Cannes Film Festival
Short Film Corner 2021

A young woman finds a medical dummy on her way home from work and spends an evening with him, only to eventually realise that she is alone.

 

Hi Dhruv, thanks for talking to tNC, how have you been keeping during these very strange Covid times? 

 

Humbled. 

 

Has this time offered you any new creative opportunities?

 

The stillness and silence have been very conducive to creative work, they are essential conditions for creation, along with food and shelter.

 

Congratulations on having You Up? part of this year's Short Film Corner, how does it feel to be able to present your film at a physical film festival?

 

When people watch the film and are affected by it, that’s what means the most, so it is exciting to have such a platform to share the film on.

 

Do you get nervous when taking part in a film festival like Cannes?

 

Not really. The short film corner is a very encouraging environment. It has been quite motivating. 

 

What was the inspiration behind You Up? 

 

My friend, who is a talented actor, met a male medical dummy on the footpath one night, and brought him home. He looked very real - and almost felt alive. The film was born from there.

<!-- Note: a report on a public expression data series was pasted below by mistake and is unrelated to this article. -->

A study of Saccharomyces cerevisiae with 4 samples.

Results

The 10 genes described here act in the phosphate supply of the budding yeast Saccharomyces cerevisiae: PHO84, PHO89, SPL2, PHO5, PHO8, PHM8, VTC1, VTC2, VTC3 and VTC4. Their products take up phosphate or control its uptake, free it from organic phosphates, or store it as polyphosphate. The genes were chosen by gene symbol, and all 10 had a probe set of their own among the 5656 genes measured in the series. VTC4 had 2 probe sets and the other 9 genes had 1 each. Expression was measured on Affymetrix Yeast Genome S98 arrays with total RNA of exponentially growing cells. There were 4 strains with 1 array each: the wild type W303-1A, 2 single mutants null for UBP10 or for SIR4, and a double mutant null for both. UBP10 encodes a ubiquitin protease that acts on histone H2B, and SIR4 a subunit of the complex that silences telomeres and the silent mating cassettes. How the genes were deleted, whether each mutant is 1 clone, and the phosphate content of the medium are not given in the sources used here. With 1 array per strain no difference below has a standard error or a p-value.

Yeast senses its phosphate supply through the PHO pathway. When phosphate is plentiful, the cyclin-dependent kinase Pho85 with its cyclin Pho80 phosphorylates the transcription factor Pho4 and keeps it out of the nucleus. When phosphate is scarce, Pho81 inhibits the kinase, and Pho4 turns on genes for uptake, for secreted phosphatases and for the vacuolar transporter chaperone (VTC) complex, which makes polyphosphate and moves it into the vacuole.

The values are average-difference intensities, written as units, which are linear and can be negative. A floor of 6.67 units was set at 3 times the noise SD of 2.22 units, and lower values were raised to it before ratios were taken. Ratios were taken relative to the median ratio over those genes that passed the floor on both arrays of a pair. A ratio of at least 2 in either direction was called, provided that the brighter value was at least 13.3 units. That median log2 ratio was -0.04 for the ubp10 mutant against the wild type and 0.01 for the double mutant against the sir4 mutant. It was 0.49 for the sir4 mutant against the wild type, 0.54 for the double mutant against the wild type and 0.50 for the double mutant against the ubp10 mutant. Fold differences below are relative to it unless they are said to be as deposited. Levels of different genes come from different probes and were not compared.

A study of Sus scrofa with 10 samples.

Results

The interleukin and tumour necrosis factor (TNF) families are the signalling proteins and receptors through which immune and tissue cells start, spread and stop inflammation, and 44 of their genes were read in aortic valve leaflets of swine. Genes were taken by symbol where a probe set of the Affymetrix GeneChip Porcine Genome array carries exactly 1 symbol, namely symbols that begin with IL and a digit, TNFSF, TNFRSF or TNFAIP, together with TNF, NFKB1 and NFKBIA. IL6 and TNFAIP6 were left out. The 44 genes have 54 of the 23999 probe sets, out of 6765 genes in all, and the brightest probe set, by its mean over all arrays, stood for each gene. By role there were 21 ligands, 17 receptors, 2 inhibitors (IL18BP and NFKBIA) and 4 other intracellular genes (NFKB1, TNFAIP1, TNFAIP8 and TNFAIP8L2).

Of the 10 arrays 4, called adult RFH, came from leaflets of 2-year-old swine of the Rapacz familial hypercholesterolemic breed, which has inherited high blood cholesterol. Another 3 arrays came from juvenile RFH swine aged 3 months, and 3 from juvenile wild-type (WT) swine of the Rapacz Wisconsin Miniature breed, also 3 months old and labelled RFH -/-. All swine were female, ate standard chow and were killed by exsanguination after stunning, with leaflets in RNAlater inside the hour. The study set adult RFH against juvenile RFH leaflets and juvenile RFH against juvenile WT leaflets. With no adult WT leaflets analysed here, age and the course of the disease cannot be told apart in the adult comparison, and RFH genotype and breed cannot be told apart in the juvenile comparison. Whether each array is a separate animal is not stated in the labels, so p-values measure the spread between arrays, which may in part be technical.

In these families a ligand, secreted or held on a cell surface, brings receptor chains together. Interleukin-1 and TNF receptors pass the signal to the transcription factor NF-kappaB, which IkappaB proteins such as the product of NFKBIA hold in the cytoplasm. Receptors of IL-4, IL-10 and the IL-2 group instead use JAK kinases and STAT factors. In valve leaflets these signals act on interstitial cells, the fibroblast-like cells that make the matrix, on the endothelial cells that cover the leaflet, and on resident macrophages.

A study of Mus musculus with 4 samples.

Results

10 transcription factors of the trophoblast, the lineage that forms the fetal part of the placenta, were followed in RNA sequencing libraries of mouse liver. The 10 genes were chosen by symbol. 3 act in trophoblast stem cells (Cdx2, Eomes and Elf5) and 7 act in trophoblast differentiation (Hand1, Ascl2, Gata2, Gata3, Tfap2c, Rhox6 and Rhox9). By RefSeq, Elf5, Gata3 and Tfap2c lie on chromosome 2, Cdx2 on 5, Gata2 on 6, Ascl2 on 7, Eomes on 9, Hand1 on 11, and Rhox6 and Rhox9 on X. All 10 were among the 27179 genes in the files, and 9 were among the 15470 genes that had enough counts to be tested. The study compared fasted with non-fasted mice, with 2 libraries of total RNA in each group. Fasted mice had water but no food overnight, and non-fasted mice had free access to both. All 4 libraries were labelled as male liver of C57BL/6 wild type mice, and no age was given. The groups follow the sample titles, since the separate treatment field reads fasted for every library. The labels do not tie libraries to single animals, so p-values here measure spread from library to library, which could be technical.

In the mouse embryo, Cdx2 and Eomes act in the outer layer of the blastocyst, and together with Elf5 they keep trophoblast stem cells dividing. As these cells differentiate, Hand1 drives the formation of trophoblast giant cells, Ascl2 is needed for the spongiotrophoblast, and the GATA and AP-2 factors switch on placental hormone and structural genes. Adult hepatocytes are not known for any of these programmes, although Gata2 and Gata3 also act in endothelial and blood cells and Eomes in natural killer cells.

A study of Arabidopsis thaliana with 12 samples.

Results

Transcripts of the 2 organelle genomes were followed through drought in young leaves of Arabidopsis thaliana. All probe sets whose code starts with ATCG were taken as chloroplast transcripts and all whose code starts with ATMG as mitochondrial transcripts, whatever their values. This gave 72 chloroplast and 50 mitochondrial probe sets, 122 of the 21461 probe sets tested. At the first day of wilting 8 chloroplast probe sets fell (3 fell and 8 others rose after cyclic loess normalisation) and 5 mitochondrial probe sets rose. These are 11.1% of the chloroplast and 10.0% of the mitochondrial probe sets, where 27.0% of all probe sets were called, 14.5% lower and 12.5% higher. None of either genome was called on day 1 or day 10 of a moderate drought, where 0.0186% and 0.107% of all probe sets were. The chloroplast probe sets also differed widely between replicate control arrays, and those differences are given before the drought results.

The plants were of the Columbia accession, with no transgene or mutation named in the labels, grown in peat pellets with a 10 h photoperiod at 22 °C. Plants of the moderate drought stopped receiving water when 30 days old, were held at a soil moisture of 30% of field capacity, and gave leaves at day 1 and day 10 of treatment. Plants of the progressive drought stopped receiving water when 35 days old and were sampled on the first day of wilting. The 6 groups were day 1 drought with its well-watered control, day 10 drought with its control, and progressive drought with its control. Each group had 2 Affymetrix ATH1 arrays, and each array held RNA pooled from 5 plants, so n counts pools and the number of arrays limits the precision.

Together, we were exploring the lack of tactility in modern relationships, and the physical isolation in contemporary society, through the character study of a young, curious, empathetic woman. 

 

When you are writing a screenplay how close do you like to keep to it when you are shooting, do you allow yourself / your actors much flexibility? 

 

I like to prepare every detail down to a tee and then throw everything out of the window once we are on set. Anything can happen when you’re working with good collaborators, and it is important to be open to unimaginable outcomes. Preparation helps in keeping the creative flow directed toward the original intention, while playing on set. 

"My passion for filmmaking came from my father, who has always been a huge movie buff, even though we have quite different tastes in films now..."

What was the most challenging scene for you to film?

 

It is never the one you expect. The most challenging scene was the one that we weren’t able to film. It involved a cat. Never write a cat into your script , as brilliant as they are, they cannot take direction, unlike dogs. 

 

Looking back is there anything you would do differently on this film?

 

I say this every time but, a few more days of pre production on the next one. 

 

Where did your passion for filmmaking come from and how much has your style and approach to your short films changed since your debut? 

 

These days I am doing less on screen, with (I hope) a higher impact. When the stakes are high enough, every breath feels important. 

 

My passion for filmmaking came from my father, who has always been a huge movie buff, even though we have quite different tastes in films now, I wouldn't be making films if it wasn't for his influence early on.   

 

Now you can be reflective what advice would you offer a fellow filmmaker?

 

The journey itself is the destination. 

 

And finally, what do you hope people will take away from your film?

 

Whatever they need to, at that point in their lives.